WASHINGTON (CNN) -- Corporate lobbyists may have to jockey for attention alongside smaller, grassroots organizations under new ethics rules issued by President-elect Barack Obama's transition team, one analyst says.
President-elect Obama's rules will mean nonprofits will have an easier time being heard, an analyst says.
Chai Feldblum, a Georgetown University professor who teaches lobbyists-in-training, said nonprofit groups are likely to have a stronger voice under the restrictions that Obama's transition staff issued this week.
"Lobbyists for business will absolutely get meetings with staff for people on the Hill, just like they got meetings before, so their access will not be denied," Feldblum said. "Their positions will be heard, but now they won't be the only ones being heard."
The rules, which transition co-chairman John Podesta announced Tuesday, bar federal lobbyists from contributing to or raising money for the transition effort. Those who leave the transition team will be barred for a year from lobbying the incoming administration on matters related to their transition jobs, and current lobbyists who join the team are barred for 12 months from working in policy fields related to their lobbying work.
Podesta called the new policy "the strictest, the most far-reaching ethics rules of any transition team in history." They follow a pledge Obama made during his campaign, when he instituted similar rules for aides and vowed that lobbyists "will not drown out the voice of the American people."
Feldblum said lobbying is protected by the First Amendment, which guarantees the right to petition the government for redress of grievances, and that the trade's ranks in Washington are unlikely to shrink. But she said corporate lobbyists "will have to share the stage with other people representing other points of view."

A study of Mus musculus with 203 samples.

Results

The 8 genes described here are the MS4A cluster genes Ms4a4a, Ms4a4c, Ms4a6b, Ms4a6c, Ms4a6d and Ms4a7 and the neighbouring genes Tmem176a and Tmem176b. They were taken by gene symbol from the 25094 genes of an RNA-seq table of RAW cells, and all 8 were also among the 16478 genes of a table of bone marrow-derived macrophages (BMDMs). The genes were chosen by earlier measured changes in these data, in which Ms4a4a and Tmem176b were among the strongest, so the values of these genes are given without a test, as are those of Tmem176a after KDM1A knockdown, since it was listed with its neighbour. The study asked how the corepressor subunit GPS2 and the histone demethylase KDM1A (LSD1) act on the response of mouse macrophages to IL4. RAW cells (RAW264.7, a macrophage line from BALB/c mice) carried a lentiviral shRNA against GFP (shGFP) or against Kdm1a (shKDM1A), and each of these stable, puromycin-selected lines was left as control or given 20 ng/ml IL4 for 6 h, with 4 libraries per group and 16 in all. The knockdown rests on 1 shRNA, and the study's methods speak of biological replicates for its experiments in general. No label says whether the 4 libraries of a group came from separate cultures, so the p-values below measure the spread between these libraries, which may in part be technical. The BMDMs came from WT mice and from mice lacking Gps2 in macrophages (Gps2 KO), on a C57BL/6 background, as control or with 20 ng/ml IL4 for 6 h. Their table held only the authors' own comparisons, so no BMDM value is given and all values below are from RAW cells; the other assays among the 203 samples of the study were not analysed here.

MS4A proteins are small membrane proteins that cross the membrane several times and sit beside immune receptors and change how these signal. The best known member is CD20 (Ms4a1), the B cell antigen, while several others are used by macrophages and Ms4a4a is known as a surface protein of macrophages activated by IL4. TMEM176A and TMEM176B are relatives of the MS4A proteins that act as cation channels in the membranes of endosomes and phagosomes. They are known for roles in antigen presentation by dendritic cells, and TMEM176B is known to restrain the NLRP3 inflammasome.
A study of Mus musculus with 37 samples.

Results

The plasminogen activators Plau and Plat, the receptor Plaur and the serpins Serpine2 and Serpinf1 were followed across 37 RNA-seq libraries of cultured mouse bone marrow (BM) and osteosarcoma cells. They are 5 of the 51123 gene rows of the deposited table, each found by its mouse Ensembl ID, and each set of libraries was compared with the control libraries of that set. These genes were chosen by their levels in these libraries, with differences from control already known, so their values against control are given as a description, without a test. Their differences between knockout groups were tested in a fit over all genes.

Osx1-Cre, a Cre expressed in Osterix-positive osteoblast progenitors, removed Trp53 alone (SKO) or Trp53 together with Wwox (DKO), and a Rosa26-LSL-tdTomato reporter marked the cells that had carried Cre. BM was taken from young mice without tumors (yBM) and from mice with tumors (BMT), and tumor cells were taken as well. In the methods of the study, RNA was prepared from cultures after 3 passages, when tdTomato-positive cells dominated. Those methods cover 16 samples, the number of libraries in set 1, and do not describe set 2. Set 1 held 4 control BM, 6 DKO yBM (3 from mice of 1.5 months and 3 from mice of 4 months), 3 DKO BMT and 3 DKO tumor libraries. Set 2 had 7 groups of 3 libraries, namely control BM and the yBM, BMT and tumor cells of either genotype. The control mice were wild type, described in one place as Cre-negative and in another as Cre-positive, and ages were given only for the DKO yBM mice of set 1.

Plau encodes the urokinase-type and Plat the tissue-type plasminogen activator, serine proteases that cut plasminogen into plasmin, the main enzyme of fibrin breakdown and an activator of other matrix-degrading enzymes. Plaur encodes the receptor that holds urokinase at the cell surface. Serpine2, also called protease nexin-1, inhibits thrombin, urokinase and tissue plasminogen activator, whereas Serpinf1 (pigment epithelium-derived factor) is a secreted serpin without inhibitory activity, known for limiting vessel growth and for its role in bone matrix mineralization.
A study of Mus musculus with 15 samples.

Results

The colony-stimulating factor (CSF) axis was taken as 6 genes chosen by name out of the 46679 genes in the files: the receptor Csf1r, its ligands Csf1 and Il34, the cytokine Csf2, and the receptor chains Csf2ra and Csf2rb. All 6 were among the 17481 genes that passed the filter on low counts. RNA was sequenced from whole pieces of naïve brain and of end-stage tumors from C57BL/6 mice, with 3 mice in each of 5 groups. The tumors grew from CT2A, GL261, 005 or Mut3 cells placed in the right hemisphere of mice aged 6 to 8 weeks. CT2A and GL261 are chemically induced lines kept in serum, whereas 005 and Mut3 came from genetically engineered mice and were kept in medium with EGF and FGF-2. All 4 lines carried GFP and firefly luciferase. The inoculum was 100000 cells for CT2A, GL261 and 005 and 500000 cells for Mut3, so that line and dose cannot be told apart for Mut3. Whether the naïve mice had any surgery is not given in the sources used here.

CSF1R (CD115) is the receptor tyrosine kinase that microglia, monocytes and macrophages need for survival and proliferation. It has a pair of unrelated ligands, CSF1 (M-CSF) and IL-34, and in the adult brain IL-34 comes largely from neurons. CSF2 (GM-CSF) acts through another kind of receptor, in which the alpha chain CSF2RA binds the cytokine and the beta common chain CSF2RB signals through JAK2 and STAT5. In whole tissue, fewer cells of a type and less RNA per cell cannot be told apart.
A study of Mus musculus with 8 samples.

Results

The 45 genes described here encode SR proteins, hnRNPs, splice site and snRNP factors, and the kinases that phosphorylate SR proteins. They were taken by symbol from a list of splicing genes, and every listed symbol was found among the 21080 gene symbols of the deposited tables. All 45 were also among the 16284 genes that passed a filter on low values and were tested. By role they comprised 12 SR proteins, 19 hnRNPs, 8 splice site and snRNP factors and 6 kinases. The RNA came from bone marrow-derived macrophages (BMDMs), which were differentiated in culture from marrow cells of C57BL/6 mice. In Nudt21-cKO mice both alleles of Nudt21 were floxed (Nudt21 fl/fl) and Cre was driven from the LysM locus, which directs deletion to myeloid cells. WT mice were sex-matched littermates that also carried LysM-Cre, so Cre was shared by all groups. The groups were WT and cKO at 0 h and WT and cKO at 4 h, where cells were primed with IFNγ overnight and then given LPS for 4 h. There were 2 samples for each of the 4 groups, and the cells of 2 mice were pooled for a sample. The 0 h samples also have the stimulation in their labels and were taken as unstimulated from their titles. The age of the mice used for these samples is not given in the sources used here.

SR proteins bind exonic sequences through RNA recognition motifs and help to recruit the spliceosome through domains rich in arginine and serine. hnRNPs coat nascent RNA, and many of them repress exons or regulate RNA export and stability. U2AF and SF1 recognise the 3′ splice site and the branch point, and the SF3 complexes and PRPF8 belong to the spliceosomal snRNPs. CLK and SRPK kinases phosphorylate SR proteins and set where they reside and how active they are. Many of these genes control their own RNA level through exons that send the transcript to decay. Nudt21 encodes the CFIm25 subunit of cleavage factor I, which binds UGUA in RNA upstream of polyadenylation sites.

"I think that lobbyists for a broader range of the American public -- lobbyists for Catholic Charities USA, lobbyists for the Epilepsy Foundation, lobbyists for domestic violence groups -- people trying to bring those positions forward will have an easier time being heard," Feldblum said.
One practicing lobbyist told CNN he hopes the new rules will improve the public image of a trade that has become a "dirty word."
Michael Lewan, who has pleaded the case for some of the biggest U.S. corporations for 16 years, said a stricter regime Congress imposed on itself after the influence-peddling scandal involving disgraced lobbyist Jack Abramoff "wasn't such a bad thing at all."
"We were all very upset when we found out we could no longer take Capitol Hill staffers to lunch," he said. "But you know what? At the end of the day, we all saved money and lost weight."
But seriously, Lewan said, both Obama and his Republican opponent, John McCain, blasted lobbyists on a near-daily basis during the presidential campaign, "and it's my hope that we can bring down that level of vilification by cooperating with the new administration."